Recently a friend sent this lovely turntable across my desk looking for a bit of TLC. Yes, it is a little worse for wear, but except a couple missing parts it all still works. One of those missing parts is an adjustable foot for leveling the table, while the three remaining feet had all been damaged and were beginning to fall apart; look closely at the foot that’s removed in the above photo and you can find an epoxy seam where it was repaired once before. Below you can see my final part with steel bolt for threading next to the fully 3D printed prototype:
I think this is a good time to mention how much I love McMaster-Carr. No, I am not a paid spokesman, but for years that website has been a bottomless receptacle for my time. I can’t be the only one who flips through random hardware collections in hopes of finding inspiration for a new project… right? I digress, my reason for mentioning McMaster is because their site is a wonderful source for hardware models. Certainly not for everything, but a good majority of things you want to include in assembly like fasteners, belts, pipes, pulleys, bearings, etc, have CAD files available download. Initially I was hoping to use the fully-printed part as the end-use piece so that’s how I began modeling, I’ll explain why I went with a steel thread later. Regardless if I plan to include threaded hardware or want to model threads for 3D printing, this is always my first stop. Once you find the hardware you need click on the part number from the list, then if you see their CAD icon next to the link it means there’s a downloadable file available (shown below):
After measuring the thread size on the original part I download a corresponding model to work from as reference. Once the modeling of the foot part was far enough along to include the threads, I created a new assembly with the foot and the bolt for reference together. Here you can see the turntable foot rolled back to before I began modeling the thread, and then the finished part by comparison:
There’s really no magic behind this, just follow the feature tree from your reference part and adjust the dimensions as you need. Notice the small fillet around the base of the thread, this creates a stronger transition point and reduce stress concentration to prevent the thread breaking off. I also shrank the outer diameter of the thread by .2 mm for tolerance, and left the edges of the thread slightly blunted for better print reproduction. Shown below is a comparison of the metal thread (grey lines) overlaid on the model for print (black lines):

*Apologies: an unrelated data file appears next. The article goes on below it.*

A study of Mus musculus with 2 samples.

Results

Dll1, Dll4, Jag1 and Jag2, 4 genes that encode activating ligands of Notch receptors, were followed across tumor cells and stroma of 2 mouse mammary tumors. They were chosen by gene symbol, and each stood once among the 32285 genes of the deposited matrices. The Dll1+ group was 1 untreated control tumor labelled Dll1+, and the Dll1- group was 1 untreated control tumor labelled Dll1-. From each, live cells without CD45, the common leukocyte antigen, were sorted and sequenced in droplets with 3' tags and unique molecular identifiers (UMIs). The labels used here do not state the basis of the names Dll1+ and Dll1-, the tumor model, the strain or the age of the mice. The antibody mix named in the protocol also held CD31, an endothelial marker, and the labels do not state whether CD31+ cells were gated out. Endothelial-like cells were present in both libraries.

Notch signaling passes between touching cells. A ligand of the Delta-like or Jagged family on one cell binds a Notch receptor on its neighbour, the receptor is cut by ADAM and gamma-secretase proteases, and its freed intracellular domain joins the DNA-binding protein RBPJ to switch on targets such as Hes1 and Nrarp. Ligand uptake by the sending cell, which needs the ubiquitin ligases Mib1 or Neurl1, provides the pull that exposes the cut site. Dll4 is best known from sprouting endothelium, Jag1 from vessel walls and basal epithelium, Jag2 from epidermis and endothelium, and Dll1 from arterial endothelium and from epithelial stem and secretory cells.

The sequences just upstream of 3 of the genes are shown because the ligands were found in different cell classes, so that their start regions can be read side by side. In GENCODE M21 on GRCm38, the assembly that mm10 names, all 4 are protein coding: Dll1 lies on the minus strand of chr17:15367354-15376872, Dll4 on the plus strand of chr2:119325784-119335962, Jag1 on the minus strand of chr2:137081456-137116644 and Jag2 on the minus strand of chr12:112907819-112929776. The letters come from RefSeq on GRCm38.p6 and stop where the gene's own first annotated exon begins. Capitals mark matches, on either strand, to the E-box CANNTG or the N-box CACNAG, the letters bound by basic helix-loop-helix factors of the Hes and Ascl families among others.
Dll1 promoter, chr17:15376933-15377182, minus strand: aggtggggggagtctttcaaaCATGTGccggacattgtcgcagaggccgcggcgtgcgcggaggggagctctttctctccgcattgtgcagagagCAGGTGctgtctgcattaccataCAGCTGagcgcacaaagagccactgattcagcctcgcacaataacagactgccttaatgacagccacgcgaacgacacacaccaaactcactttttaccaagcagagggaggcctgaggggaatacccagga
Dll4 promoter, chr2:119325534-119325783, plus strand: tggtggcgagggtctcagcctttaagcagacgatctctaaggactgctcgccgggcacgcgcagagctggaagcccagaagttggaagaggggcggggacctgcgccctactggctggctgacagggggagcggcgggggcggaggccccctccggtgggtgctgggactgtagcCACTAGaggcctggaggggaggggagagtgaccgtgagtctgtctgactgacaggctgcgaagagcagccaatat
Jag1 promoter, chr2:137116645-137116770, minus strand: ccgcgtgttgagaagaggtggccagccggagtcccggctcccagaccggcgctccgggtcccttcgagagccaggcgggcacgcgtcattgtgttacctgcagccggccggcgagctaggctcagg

Time to print. This part was done with progressive layer resolution increase through Simplify3D. The vertical side with the texture pattern was printed at 150 micron, while the curved transition portion between the base and the thread was 100 micron, and the threads themselves 50 micron. I will talk more about how I setup these prints in a follow up post coming soon.
The photo above shows the part printed in PETG as it came off the print bed of my MAKEiT Pro-L, with absolutely no finishing work. Below you can see it fit straight away into the threading on the table:
Despite being happy with the overall fit and finish, I expected from the start that the printed threading wouldn’t stand up to long term use. The turntable is deceptively heavy, a bit over 20 pounds, and I didn’t want one of the threads to snap off and get stuck inside if someone moved it too gruffly. Onto remodeling the foot to include metal threading.
With the foot saved as a new name I deleted the threading out of the feature tree and began cutting away material for the bolt to fit into. I left about 0.2 mm tolerance on all sides around the threads of the bolt, but I wanted a more snug fit on the hex cap. Since the weight of the table is going to be pressing down on the bolt it needed to be secured with a little bit of trickery to keep it from popping out of the foot. Starting with a 0.2 mm tolerance, the extruded cut that cleared space for the bolt head has a 2 degree draft, meaning as the bolt is inserted the tolerance closes down and tightens around it. Small tabs were then modeled to create a solid snap-fit, shown below:
Above you can see the bottom surface of the print and how the bolt finally inserts into it. Still, there’s one final step to really get the high quality finished part I was looking for, simply adding an adhesive-backed foam pad:
You can draw your own conclusions from here, but it’s my opinion that this 3D printed replacement is at least as good as the original, if not better:
The table is still in need of a bit more TLC, but at least one impossible to find part has been replaced and we are one step closer to hearing Jimi as it was meant to be heard.
More to come on the turntable project soon, including a detailed write-up of how to achieve the amazing print quality shown in the photos.